By Andrea Irwin, George A. Hill and Meagan GallagherJanuary 21, 2016
We lead three nonprofit, publicly accessible health care providers who provide comprehensive reproductive and sexual health care for men and women across the state. Together, we serve more than 21,500 Mainers per year. More than half of them are low income.
Among the comprehensive pregnancy-related care we provide is abortion. Like the rest of our services, abortion is a safe, legal medical procedure. Unlike the rest of our services, abortion has been singled out by politicians for exclusion from MaineCare coverage. While MaineCare will pay for all pregnancy-related care for women who choose to carry a pregnancy to term, it withholds coverage from eligible women who decide to have an abortion.
That means MaineCare-eligible women who decide abortion is the best thing for them and their families must pay for the procedure out of pocket. As providers, we know firsthand that one of the greatest challenges for women seeking care is financial.
The women impacted by this policy are, by definition, low-income. For many of them, even a few hundred dollars can be a difficult barrier to having an abortion. Add to that the cost of missed work and travel to one of our health centers — sometimes as far as 200 miles each way — and the cost can be insurmountable. Every single day we hear from women who can’t afford to pay for abortion care and related costs.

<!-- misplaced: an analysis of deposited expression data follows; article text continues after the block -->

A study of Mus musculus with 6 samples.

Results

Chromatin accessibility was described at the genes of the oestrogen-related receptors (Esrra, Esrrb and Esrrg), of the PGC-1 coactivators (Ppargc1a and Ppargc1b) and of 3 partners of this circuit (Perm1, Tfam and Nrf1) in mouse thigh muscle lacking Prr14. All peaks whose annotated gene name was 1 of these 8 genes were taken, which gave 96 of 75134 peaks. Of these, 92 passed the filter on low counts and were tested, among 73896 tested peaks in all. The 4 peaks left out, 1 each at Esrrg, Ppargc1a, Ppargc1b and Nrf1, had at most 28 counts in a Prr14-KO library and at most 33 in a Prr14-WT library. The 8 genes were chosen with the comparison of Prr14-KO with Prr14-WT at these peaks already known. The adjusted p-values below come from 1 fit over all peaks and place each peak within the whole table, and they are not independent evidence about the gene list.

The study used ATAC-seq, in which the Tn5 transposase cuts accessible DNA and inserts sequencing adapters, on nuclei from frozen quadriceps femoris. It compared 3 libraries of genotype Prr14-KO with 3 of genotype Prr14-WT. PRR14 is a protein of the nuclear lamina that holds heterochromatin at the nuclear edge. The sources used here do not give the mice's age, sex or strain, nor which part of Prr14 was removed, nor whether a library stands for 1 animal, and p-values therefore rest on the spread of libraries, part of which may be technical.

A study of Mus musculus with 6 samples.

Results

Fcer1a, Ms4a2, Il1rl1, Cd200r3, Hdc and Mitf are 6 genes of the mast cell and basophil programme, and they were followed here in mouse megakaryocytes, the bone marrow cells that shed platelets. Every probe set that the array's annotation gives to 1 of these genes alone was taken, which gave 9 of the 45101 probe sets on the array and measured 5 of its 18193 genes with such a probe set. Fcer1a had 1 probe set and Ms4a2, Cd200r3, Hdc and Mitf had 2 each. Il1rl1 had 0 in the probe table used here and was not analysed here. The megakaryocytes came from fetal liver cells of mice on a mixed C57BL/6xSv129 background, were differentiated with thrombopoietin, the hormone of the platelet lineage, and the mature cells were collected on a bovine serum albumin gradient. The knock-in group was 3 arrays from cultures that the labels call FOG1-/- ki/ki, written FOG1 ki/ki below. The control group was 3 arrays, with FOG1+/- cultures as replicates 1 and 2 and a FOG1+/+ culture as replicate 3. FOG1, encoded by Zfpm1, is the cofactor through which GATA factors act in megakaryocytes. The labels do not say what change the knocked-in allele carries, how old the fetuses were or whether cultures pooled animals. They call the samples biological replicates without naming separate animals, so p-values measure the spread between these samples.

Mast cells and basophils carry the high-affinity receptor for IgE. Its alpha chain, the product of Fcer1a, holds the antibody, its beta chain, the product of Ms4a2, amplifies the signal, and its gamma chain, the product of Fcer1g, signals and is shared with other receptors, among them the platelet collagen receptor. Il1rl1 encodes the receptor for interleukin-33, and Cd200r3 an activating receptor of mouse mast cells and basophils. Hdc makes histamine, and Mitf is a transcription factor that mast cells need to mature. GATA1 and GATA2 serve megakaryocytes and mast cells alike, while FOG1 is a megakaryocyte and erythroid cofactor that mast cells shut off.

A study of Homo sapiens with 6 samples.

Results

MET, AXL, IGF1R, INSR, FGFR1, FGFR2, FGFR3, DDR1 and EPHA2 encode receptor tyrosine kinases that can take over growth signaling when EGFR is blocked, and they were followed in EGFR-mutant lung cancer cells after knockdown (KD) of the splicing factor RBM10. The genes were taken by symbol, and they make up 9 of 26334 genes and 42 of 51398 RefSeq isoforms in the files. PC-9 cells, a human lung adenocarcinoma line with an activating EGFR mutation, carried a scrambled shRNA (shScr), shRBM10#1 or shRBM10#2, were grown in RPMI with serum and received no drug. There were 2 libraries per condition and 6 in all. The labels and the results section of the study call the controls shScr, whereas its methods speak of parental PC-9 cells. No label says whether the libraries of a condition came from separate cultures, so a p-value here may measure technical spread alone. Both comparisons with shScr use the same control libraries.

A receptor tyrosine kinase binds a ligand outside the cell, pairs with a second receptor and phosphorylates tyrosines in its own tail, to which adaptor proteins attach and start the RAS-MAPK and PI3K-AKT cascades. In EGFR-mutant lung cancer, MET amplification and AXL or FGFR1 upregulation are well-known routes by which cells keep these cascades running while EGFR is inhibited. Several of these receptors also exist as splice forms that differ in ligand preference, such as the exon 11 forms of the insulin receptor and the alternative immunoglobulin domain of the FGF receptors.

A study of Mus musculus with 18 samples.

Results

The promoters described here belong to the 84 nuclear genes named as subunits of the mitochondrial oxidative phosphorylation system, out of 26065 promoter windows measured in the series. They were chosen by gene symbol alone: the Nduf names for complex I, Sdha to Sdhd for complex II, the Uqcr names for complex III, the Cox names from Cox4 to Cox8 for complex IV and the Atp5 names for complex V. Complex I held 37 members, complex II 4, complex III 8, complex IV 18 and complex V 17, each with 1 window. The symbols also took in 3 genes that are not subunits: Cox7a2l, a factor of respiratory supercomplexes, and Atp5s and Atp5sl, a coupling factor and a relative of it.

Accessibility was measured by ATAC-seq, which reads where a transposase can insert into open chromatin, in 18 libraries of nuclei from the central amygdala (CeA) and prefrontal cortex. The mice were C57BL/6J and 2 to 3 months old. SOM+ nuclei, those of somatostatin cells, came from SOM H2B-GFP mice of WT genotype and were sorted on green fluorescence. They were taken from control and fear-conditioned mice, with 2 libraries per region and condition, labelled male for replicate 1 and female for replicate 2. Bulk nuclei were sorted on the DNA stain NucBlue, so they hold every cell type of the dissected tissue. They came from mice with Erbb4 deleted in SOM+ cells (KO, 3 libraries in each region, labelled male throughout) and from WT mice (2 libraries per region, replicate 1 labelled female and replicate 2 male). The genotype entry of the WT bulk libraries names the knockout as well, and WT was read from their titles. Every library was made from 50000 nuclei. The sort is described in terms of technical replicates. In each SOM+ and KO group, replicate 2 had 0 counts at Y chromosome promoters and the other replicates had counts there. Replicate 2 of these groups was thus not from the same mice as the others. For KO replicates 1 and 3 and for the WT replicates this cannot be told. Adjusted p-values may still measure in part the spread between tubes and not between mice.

We try hard to help these women find the money they need, but it is often a struggle.
Some women must make heart-wrenching decisions about giving up daily essential costs such as food, rent or heat in order to save enough to have an abortion. The impact can be devastating for entire families. In fact, the majority of women who have abortions already have a child at home. No mother should have to choose between providing for her family and getting the medical care she needs.
Even when women can piece the money together, it often takes a long time to do so — and delaying needed medical care is never a good idea.
Other women still can’t meet the cost. Because they cannot afford to have an abortion, they are forced instead to carry the pregnancy to term. We know women in these circumstances have a harder time raising their families out of poverty.
We no longer can abide by a state policy that coerces women into carrying pregnancies to term. It’s time to stop using our Medicaid program to make it harder for women to make decisions for themselves.
That is why in November we joined the American Civil Liberties Union of Maine in filing a lawsuit to fix this problem. We argue that the state may not interfere with a woman’s fundamental right to decide whether or not to continue a pregnancy, nor discriminate against women who decide to have an abortion.
When Roe v. Wade became the law of the land on Jan. 22, 1973 — 43 years ago — it guaranteed the constitutional right to have an abortion. Since when are we a country where the Constitution only applies to those who can pay for their rights? It is no longer enough that abortion is technically legal. We must demand that all women who decide abortion is best for them and their families have meaningful access to it.
Andrea Irwin is executive director of Mabel Wadsworth Women’s Health Center in Bangor. George A. Hill is president and CEO of Maine Family Planning. Meagan Gallagher is president and CEO of Planned Parenthood of Northern New England.